MySQL as well as other database access on suso.org is setup to provide you with the most options and security for your account. This document will guide you through how you can access MySQL from the client program as well as from the programs that setup and write for your account.

The first concept I'd like to explain about MySQL is that the MySQL server uses it's own set of passwords and access system. Therefore, the password that you use to access your MySQL databases may and will be different than the password that you use to login to your shell account.

Most likely you are going to setup a database so that programs that you write or setup can view and manipulate your data in an unattended data. Therefore there should be a way that your programs can login to the MySQL system. Sometimes people simply put the clear text password used to login to their MySQL account directly into their scripts. This however is a bad idea for two reasons. First of all it might be possible that your script source code could be seen by another user on the system or even worse, by a random host on the internet. The second bad reason for keeping the password in your scripts is that it is scattered among several unknown scripts and if you ever need to change your password, it can be difficult to track down and change those old password strings.

At suso.org, we've developed a new way to keep your database password in one secure location that only allows you and your scripts to view it. That location is:

/home/username/private/mysqlinfo


The format of the file is the following:

mysqlusername:password:mysqlhostname

This mysqlinfo file has been setup in a way that only you and the webserver can view the file. No other user or program on the system will be able to view this file.

We have been using this method for over 5 years now and it has worked very successfully and is starting to catch on with other web hosting providers as a safer way to store passwords. Any web hosting provider who wishes to use this method should read the article on How to safely store database passwords, and ask us if they have any questions.

Setting up your applications to use the mysqlinfo file

This file should be used by your scripts to get at the clear text password for your database instead of putting the password in your scripts (which is dangerous). I've taken the proper precautions to make sure that only you can get at that file.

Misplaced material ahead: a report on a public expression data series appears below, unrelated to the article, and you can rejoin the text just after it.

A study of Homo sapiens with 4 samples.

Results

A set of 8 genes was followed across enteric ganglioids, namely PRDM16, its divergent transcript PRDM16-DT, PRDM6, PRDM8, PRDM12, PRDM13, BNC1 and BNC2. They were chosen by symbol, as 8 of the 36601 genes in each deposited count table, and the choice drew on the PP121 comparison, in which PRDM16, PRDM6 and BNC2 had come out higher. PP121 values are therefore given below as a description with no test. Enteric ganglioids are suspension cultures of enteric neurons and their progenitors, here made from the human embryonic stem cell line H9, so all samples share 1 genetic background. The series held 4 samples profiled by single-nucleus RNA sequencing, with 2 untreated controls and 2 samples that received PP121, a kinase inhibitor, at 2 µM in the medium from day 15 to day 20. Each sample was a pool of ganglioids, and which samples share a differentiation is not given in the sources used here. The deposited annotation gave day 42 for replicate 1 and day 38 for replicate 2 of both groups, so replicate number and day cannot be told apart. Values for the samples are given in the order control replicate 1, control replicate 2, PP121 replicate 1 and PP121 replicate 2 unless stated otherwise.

You can use the following code at the top of your web applications to read the clear text password and connect to your databases.

PHP

<?php

unset($userpass);
unset($dbusername);
unset($dbpassword);
unset($dbhostname);

$filename = '/home/username/private/mysqlinfo';
$fp = fopen("$filename", 'r');
$contents = fread($fp, filesize($filename));
$contents = chop($contents);
fclose($fp);
$array = explode(":", $contents);

$dbusername = $array[0];
$dbpassword = $array[1];
$dbhostname = $array[2];

?>

Perl

#!/usr/bin/perl

undef $userpass;
undef $dbusername;
undef $dbpassword;
undef $dbhostname; 

open(MYSQLINFO, '/home/username/private/mysqlinfo');
$userpass = <MYSQLINFO>;
chomp($userpass);
close(MYSQLINFO);

($dbusername, $dbpassword, $dbhostname) = split(":", $userpass);
<PRE>
|}}


=== Python ===
Thanks to Rob Bryant for this example.

{{Python Code Box|code=<PRE>#!/usr/bin/python

import MySQLdb

# open and parse

datafile = open('/home/username/private/mysqlinfo')
s = datafile.read()
s = s.strip()
username, password, hostname = s.split(':')
datafile.close()

# connect
conn = MySQLdb.connect(host=hostname, user=username,
			passwd=password, db='database_name')

cursor = conn.cursor()

# ...

conn.close() 

Now your programs can simply use the above code or include it from a header file and simply login to the database automatically using the variables dbusername, dbpassword and dbhostname. You can also easily modify ready-to-install software so that it uses your mysqlinfo file.